Novel device architecture and ultimate CMOS scaling require more rigorous modeling. For the latter partly quantum based and non-equilibrium (ballistic) device simulation is necessary. Comparison of approaches to the simulation of quantum transport using the resonant tunneling diode as a test case was the topic of the second half of this thesis.

The Wigner function method has been used to include time dependence, inelastic phonon scattering and the self-consistent potential in quantum transport modeling. Several interesting behaviors of resonant tunneling diodes (RTDs) have been investigated through numerical simulation [Bie98], [ZCW+00]: high frequency self-oscillations, strong intrinsic hysteresis, and pronounced static bistability. These are ``advanced'' features of RTDs in the sense that these behaviors have been observed in RTDs, but the measured effects have been slower (oscillations), weaker (hysteresis, bistability), or required external inductance to occur (oscillations, hysteresis). Moreover the physical origin of these effects has given rise to heated controversy of the past few years and the experimental observation of some of the reported effects is disputable ([MT95], pp.113-117).

The strength of the WFM is its conceptual similarity with classical physics in phase space. At the same time this similarity bears the danger that classical features sneak into the model unnoticed. Contrary to wishful belief, the Wigner function does not solve all problems of quantization automagically. One such example was discussed in Section 6.2.5, where we show that a positive local quantum energy density is not given by the second moment of the Wigner distribution function, but a quantum correction term has to be added. This simple example shows that even in Wigner formalism one still has to take great care in finding the correct quantization for a classical quantity.

In practice the grief that we have with the Wigner function method is some lack of numerical soundness. Here by soundness we mean that the change in the result is sufficiently small if details in the discrete model (mesh size, coherence length, length of electrodes) are changed. Simulation can make use of this deficiencies by using these parameters for fitting. The danger here is that numerical effects interfere with the physics which was put into the model and this presents an abuse of TCAD.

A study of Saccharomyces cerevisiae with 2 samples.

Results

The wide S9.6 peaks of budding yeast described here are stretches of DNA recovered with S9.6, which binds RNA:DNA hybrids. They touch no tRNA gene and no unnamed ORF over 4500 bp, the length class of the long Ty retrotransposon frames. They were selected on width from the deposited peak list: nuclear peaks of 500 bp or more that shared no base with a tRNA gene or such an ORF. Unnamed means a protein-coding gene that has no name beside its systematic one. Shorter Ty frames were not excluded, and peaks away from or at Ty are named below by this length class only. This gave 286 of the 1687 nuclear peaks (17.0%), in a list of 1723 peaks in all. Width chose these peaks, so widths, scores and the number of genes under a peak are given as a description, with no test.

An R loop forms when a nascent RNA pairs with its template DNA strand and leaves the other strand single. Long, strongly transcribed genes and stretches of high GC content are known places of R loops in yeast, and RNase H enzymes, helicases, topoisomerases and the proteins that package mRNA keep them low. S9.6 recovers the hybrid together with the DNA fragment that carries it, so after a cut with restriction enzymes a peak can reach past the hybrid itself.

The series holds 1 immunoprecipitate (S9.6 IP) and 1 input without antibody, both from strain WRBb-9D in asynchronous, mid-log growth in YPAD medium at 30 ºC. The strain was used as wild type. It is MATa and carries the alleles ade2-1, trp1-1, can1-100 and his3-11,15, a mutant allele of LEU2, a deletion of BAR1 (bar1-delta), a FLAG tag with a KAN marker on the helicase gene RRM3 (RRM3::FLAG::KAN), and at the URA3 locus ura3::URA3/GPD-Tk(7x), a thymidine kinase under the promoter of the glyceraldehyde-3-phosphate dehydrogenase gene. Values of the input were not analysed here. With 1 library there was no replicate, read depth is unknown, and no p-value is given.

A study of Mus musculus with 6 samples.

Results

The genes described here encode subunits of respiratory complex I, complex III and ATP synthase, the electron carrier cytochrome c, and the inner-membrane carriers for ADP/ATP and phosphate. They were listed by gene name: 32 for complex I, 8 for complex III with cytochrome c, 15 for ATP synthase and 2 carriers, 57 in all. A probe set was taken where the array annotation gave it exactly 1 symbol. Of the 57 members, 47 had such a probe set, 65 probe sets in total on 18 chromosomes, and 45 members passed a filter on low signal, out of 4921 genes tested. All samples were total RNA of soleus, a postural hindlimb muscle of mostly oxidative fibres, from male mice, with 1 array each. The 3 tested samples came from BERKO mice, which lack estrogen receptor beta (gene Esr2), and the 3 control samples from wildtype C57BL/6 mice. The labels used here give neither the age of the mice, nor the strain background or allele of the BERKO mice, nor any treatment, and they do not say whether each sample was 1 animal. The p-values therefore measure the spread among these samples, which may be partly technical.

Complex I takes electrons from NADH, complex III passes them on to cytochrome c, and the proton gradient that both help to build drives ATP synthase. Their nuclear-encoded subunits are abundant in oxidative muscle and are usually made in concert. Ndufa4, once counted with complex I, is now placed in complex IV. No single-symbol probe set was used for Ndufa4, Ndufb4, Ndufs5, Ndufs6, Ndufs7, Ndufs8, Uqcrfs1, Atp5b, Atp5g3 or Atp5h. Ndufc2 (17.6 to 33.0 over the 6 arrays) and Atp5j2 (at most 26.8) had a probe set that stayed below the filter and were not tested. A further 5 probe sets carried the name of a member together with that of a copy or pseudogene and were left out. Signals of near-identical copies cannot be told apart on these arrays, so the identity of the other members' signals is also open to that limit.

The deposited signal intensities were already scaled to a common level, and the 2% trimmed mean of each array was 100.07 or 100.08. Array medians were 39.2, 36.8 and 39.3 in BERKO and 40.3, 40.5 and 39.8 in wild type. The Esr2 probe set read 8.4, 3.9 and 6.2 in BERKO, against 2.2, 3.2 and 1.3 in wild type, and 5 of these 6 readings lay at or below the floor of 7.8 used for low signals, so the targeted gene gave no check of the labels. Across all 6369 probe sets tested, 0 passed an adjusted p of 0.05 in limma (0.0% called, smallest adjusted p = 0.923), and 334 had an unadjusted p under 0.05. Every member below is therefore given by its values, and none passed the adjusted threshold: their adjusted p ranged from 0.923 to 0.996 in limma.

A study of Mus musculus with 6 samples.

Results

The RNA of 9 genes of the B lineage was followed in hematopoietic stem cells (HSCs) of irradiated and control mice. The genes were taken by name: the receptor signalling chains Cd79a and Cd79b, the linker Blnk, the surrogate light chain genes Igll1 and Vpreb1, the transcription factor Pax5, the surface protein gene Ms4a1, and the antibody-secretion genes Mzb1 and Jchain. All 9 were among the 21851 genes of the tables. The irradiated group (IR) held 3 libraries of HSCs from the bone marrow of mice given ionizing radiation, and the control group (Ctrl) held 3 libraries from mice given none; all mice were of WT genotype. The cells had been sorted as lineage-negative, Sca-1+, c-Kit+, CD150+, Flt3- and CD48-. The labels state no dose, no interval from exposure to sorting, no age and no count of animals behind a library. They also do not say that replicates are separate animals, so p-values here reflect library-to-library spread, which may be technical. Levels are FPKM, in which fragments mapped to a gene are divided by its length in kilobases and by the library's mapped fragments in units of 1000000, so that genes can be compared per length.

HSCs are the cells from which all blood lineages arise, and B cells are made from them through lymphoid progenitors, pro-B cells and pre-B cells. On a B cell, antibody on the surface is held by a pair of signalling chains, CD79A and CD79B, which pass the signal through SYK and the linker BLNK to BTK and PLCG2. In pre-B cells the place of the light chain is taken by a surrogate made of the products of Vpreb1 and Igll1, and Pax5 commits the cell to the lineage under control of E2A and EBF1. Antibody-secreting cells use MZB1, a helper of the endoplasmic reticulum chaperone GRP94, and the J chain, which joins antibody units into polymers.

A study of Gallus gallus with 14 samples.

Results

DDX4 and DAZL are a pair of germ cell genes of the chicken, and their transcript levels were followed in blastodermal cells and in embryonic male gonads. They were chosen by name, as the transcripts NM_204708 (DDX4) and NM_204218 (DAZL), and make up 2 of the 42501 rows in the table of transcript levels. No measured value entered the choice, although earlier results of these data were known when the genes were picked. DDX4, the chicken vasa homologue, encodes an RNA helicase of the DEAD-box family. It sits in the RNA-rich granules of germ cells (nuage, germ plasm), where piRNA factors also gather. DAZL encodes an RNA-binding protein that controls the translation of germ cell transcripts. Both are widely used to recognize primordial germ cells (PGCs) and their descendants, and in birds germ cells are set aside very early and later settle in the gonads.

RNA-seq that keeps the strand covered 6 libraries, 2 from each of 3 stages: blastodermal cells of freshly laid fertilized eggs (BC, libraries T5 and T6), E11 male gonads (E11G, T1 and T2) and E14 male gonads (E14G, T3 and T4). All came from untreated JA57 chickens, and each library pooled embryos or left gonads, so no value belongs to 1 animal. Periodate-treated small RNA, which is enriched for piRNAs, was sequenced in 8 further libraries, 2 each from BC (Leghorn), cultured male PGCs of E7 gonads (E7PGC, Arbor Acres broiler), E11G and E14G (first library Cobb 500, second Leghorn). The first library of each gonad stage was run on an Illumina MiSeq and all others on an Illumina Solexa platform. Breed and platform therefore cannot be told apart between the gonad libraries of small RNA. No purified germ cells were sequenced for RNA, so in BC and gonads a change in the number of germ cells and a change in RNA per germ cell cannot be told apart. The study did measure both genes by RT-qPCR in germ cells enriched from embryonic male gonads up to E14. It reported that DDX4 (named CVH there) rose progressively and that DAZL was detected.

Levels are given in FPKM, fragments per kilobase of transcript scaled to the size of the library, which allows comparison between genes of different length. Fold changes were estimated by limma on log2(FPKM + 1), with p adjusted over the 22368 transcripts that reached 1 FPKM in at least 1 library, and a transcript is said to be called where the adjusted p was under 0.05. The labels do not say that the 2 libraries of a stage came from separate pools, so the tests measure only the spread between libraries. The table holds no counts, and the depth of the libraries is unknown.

Overall the future perspective of the finite difference Wigner method for TCAD may be limited, because one has to keep in mind that for many applications the method should also work efficiently in two spatial dimensions. In contrast the quantum transmitting boundary method is still feasible in two dimensions [LK90a], [LKF02].

So with respect to the Wigner and the Schrödinger QTBM method the status of fully quantum device simulation is an unsatisfactory one: For reliable and accurate simulation of coherent transport in resonant tunneling diodes one is better off with solving the von Neumann equation using the quantum transmitting boundary method. Models based on the Schrödinger equation are more robust and can be solved efficiently. The Wigner formulation on the other side is a much more versatile tool for modeling purposes, but its actual numerical performance is more cumbersome. One application domain is for the case of classical devices going ``quantum'' like ultrashort MOSFETS where QTBM will not work because scattering is still important (mean free path of $ 1$-$ 3 $ $ \mathrm{nm}$).

In the case of the finite difference WFM no numerically feasible model for dissipation beyond the simple relaxation time approximation is known. Full classical electron phonon scattering can be included in the Monte Carlo WFM. Different from the finite difference Wigner method the Wigner Monte Carlo method can in principle also use a very large mesh size. However, due to the negative sign problem computational costs are several orders of magnitude higher than for all other discussed methods. Results from the Monte Carlo WFM were found to agree with other rigorous simulation tools [KKNS03]. The ultimate test is application to a variety of devices and comparison with experiment which is still pending.